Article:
I have many conflicting emotions about what happened in our country the week of November 8, 2016. I've read dozens of articles and posts and comments trying to sort out the mess of how I feel. I've ridden my own emotional waves through disbelief, grief, joy, mourning and anger -- and still don't know where to land. One of the best and worst things about me is that I can see almost any situation from a variety of sides, so see the sides I do. The problem is that it leaves me where I began: conflicted.
But perhaps the emotion that's risen to the top more often than not is a profound sense of sadness. Sadness and disappointment over many things, but for this moment, the way good people have turned on one another because they don't see things the same way.
A few days ago, I was cleaning out my inbox and came across an email from Andy LePeau, writer, editor and retired associate publisher at InterVarsity Press. He wrote the letter in February as his parting words from a job in which he spent decades, with more than 40 years of experience to back up every word. It was a challenge to the many authors he served, and to the ones that IVP will continue to serve -- me -- to live as a true image bearer of Christ. Although it was written 7 months ago, it couldn't have been more timely. It was exactly the word of truth I needed.
I wrote to Andy, thanking him for his wisdom, and asked if I could share a portion of the letter here. He graciously agreed. You can find the letter in its entirety at Andy Unedited, one of the few blogs I read consistently -- and learn something from (usually while chuckling) each time.
I hope you'll accept his challenge as well, and find conviction and encouragement in his words.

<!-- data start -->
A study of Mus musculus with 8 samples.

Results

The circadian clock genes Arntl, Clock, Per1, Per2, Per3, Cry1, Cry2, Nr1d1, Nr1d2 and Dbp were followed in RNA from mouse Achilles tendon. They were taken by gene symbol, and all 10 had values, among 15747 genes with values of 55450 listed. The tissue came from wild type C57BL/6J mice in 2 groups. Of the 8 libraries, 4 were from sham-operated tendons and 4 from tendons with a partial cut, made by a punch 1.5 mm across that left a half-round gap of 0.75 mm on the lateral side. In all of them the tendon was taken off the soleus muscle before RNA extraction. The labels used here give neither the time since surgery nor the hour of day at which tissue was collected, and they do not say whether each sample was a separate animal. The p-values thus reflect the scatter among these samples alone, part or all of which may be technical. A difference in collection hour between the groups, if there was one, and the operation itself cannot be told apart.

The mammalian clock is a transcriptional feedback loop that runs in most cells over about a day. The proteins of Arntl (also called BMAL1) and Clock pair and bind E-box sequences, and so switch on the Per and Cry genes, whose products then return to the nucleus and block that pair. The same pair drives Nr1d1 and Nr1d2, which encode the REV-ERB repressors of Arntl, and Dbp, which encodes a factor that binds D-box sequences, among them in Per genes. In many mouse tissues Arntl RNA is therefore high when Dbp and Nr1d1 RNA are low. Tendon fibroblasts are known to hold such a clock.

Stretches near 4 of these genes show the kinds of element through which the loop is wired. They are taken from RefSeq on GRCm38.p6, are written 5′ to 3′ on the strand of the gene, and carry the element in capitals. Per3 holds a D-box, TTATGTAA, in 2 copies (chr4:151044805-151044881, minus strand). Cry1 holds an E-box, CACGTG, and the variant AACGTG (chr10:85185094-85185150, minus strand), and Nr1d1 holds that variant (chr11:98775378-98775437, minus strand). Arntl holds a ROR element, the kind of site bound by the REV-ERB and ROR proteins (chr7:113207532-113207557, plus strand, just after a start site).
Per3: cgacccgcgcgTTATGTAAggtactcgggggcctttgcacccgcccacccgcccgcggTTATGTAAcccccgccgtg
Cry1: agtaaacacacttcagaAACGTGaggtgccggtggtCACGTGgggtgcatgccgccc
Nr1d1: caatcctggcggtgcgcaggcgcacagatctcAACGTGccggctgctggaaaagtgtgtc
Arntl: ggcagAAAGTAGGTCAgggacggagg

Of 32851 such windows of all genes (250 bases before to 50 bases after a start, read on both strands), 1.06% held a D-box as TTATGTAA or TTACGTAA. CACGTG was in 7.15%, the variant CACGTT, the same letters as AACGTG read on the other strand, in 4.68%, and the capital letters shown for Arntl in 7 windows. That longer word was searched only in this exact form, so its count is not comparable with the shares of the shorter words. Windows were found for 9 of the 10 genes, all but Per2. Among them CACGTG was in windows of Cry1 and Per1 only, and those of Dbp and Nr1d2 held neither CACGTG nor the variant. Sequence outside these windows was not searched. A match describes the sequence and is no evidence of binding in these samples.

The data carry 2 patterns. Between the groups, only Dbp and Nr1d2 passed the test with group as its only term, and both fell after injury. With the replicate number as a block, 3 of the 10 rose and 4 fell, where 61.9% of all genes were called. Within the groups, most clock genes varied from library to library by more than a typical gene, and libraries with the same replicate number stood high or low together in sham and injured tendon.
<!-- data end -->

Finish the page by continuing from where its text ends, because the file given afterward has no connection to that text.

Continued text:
"We live in a world awash in conflict. Nations, ethnic groups, religions, political parties, churches, families are all at odds--which the media loves to highlight in its never-ending competition for audiences that have been broken into smaller and smaller groupings.
Too often we as Christians have followed the world's pattern in expressing more extreme views, less charitable opinions and angrier commentary. We listen to a narrower and narrower range of viewpoints that we find comfortable, that we agree with, that affirm our biases. As a result, we fail to communicate the love, mercy, grace and forgiveness that we say is at the core of our faith. If we are to be representatives of Christ, we need to be willing to engage different people and differing opinions with grace, openness and respect.
When we interact with those who are different we can pretend our differences don't exist or that they are insignificant. But that doesn't really take others seriously. Alternately we can simply attempt to defeat others, assuming the worst motives on their part and not seeing them as people, not taking the time to really understand their viewpoint.
But there is another way that both takes differences seriously and takes the humanity of those we differ with seriously. This is the way of Christ who embraces both grace and truth.
Perhaps you think I am preaching to the choir. But that's not the way I see it. The way I see it, I am preaching to an auditorium of preachers. My charge is for you not just to practice the gospel of peace but to preach it. Model Christian civility and encourage others to pursue it."
Thanks Andy. Praying grace, truth, peace and civility for all.